In April 2018, data experts from around the world traveled to Seattle, WA, for the 2018 Sage Assembly. The topic this year was “Algorithms and the Role of the Individual.”

Sage Bionetwork President Lara Mangravite kicks off Day 1 of Sage Assembly 2018

Day One of the assembly included a great opening presentation by Sage Bionetwork’s President, Lara Mangravite. Exaptive CEO Dave King attended to learn and to speak. Dave was invited to give a Lightning Talk. The three-minute speech focused on using tech to facilitate new and novel ideas, in particular by making it easier for tools and techniques used in one discipline easier to use in other disciplines. (Check out the video of his presentation here at 47:29.)

A group prepares to find the Amazon Go store, half using GPS and half by asking for directions from people on the street

He found it easy to engage with others at the conference. In this photo, one group prepares to find their way to the Amazon Go store - half using GPS and half relying on strangers’ directions. The outing was an experiment in observing the different ways humans interact with their environment. Dave says, “This conference really had the feel of a community. Everyone who was there was passionate about the need for open science and thoughtful about what was required to truly make open science possible.” After finding their way to the Amazon Go store with and without GPS, discussion about the navigation experiment followed at the Cyclops Cafe, a Seattle icon.

Discussion at Cyclops Cafe in Seattle, WA

The overall consensus that seemed to emerge at the conference was that the role of the individual with regard to data and algorithms is nuanced and fraught with ethical issues. Some speakers brought attention to the beneficial role that algorithms can play in health - helping diabetics control their blood sugar, for example - while simultaneously pointing out that these potential benefits come with perils that require particular attention from the science community. As individual data become increasingly collected by everything from clinical trials to consumer products like activity trackers, it becomes increasingly important to understand the ethical issues associated with our ability to capture such granular detail on people, and to use that information in algorithms that are sometimes ‘black boxes’ even to their creators.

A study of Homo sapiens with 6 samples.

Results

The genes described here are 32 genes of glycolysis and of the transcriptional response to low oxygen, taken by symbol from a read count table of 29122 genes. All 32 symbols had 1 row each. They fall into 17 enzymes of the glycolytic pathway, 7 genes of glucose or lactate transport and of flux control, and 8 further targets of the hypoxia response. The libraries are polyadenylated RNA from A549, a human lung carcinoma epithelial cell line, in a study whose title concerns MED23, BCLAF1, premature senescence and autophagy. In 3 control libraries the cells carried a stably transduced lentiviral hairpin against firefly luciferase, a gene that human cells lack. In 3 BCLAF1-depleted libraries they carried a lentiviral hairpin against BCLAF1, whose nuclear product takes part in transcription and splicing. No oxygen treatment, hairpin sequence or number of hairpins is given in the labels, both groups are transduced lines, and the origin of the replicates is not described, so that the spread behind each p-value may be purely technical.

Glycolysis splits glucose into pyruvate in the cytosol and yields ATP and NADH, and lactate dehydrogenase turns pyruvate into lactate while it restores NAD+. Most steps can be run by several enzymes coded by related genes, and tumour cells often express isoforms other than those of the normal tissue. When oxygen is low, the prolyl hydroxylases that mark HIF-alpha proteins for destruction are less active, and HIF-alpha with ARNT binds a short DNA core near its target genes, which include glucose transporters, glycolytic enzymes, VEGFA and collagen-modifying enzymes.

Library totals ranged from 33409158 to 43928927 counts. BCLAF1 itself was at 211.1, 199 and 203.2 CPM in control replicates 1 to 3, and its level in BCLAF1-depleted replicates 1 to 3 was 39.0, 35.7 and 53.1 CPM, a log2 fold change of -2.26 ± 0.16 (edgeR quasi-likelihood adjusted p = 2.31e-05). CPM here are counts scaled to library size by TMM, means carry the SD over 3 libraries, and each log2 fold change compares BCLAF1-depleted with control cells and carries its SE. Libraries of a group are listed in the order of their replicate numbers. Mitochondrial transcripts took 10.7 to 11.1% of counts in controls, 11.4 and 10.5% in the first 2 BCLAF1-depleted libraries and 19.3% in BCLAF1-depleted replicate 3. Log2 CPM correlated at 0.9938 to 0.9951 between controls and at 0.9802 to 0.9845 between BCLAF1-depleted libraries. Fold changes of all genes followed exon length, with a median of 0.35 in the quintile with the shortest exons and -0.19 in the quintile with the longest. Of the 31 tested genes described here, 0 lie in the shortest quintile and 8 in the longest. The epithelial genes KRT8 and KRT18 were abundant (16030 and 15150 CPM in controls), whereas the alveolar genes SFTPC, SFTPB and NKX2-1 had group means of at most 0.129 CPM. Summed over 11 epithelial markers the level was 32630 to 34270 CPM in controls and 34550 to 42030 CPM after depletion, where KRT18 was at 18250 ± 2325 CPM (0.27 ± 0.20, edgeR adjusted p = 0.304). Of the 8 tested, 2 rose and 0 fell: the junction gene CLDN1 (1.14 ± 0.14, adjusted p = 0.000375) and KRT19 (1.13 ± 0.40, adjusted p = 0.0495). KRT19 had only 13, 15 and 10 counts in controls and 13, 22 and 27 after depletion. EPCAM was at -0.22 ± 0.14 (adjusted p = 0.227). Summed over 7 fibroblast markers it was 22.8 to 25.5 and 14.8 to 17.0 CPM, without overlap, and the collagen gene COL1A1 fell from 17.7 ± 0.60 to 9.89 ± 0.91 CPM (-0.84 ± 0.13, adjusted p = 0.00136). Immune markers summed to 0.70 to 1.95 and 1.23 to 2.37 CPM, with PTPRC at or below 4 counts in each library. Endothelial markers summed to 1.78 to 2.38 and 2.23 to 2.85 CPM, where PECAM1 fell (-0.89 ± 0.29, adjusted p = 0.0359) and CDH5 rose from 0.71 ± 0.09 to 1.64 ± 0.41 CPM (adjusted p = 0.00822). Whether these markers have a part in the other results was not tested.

Photo of Exaptive CEO Dave King by Bryan Jones

This photo by scientist and photographer Bryan Jones. Other photos courtesy of Sage Biometrics.

Bring up algorithms, and a mention of AI is not far behind. One conversation that comes up consistently at Exaptive is the difference between AI and IA. Artificial Intelligence uses machines to replace the work of humans. Intelligence Augmentation uses machines to supplement the work of humans. Exaptive is firmly in the IA ‘camp,’ believing the best way to facilitate innovation is to give humans more capacity to tackle large problems, rather than letting machines try to solve problems for us.

The Sage Assembly is hosted annually by Sage Bionetworks.